On The Spot Blogs
#Tax Myth 11 - The Tax System Doesn't Support Marriage
Marriage and civil partnerships are provided with many reliefs within the tax system and I'm surprised why people claim otherwise.
Where one spouse is a partner, it's very often the case that their spouse gets involved in the business later on, for example, a wife decides to stay at home when the children are young and instead of working for a third party, helps out in her husband's business.
If the other partners agree, his wife could be admitted to the partnership by taking half of her husband's share.
As each spouse enjoys two tax free personal allowances, for a higher rate taxpayer this saves £3,776 of income tax within the personal allowance, and 20% of tax on income above £9,440 and less than £32,010, a maximum of £8,290. Plus a maximum saving of Class 4 National Insurance @ 9% of £3,730.
Ordinarily, the disposal of the husband's partnership share would create a capital gain.
However, where this asset is gifted to his wife, there is no capital gain, so there is no tax downside to the change in partnership share.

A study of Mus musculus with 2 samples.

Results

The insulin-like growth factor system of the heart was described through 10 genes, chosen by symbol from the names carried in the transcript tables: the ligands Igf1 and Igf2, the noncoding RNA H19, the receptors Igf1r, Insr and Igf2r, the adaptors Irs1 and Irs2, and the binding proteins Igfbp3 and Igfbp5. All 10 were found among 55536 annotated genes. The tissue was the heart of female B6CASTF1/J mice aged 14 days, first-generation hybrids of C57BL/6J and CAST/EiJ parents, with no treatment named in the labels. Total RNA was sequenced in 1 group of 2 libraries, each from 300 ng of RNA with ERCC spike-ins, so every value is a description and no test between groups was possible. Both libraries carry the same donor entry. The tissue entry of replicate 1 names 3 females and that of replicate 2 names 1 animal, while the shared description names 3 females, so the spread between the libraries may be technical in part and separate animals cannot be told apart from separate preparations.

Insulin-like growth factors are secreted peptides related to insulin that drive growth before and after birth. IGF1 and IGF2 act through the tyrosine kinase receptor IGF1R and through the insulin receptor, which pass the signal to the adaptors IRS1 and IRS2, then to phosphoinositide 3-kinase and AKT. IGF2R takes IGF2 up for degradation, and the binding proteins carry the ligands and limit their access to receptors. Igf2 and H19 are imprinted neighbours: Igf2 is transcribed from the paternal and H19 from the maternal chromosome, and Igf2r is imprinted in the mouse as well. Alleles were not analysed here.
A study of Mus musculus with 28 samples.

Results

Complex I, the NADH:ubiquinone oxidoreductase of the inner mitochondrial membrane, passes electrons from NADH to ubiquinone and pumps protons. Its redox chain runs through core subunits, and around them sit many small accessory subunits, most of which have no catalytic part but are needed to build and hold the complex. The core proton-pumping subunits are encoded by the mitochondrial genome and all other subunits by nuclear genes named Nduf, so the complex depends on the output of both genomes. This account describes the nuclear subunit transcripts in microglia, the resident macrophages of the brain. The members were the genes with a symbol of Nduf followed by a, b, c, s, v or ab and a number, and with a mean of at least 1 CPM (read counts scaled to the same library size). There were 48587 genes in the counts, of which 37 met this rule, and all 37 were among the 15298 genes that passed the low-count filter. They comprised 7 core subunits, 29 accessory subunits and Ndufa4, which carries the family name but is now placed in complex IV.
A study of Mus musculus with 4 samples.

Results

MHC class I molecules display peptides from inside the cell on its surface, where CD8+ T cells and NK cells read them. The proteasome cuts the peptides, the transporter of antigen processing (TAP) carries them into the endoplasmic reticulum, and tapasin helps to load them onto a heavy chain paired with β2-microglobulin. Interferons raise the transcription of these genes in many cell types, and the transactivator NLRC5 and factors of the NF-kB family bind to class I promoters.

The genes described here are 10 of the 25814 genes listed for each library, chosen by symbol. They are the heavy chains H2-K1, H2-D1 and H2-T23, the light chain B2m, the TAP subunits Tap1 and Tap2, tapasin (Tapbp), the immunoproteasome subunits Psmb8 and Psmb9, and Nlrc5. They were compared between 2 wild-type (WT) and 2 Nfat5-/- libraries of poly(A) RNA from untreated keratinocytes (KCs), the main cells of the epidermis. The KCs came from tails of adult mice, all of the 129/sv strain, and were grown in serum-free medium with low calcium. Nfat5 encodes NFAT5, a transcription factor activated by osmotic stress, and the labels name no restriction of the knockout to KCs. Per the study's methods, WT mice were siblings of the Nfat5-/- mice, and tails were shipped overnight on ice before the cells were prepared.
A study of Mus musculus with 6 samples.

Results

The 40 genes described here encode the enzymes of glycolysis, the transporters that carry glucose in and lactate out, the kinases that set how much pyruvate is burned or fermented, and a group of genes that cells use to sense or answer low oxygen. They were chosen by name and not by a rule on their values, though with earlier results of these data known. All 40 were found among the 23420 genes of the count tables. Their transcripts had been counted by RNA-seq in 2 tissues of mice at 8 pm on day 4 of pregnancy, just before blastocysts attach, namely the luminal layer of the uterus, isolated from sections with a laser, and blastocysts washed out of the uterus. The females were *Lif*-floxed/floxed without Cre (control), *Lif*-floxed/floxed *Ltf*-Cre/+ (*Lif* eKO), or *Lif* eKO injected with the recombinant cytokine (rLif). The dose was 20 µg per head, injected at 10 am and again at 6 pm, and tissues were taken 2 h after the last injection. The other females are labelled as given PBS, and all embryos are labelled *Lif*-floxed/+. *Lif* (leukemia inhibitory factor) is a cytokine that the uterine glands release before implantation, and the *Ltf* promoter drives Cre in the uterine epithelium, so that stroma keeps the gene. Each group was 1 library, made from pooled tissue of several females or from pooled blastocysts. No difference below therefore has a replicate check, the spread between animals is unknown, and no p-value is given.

A not dissimilar arrangement might be suitable for your limited company. In this case, the sale of some or all of your shares to your spouse will not trigger a tax charge on you.
Whereas, if you'd given your shares to your non-married partner, a capital gain might arise. You could both defer this capital gain if you sign a 'holdover' election, but you'd need to understand it and complete it within the deadline.
Similarly giving shares to a spouse for no tax effect, enables you both to own the minimum 5% required to receive entrepreneurs relief on the sale of your unquoted company, doubling up the maximum relief on lifetime gains from £10m to gains of £20m, potentially saving capital gains tax of £1.8m being £10m @ (28% - 10%)!
Other Assets eg Quoted Shares
Where you have built up a portfolio of shares which, we hope!, eventually make a profit, this is subject to capital gains tax. If your gain is more than the tax free annual exemption of £10,900, you'll pay either 18% or 28% of capital gains tax.
Before you sell these shares, you can give some to your spouse who can sell them later on and use a second tax free annual exemption, saving up to £3,052 of capital gains tax. And if your spouse is a basic rate taxpayer, you may save an additional 10% (28% - 18%) capital gains tax worth up to £3,201.
I suspect this affects more people than any other measure. If you own a home as a single person or within an unmarried couple worth £650,000, your estate may suffer £130,000 of inheritance tax on your death. If, however, you are married, there is no inheritance tax due when either, or both, of you die.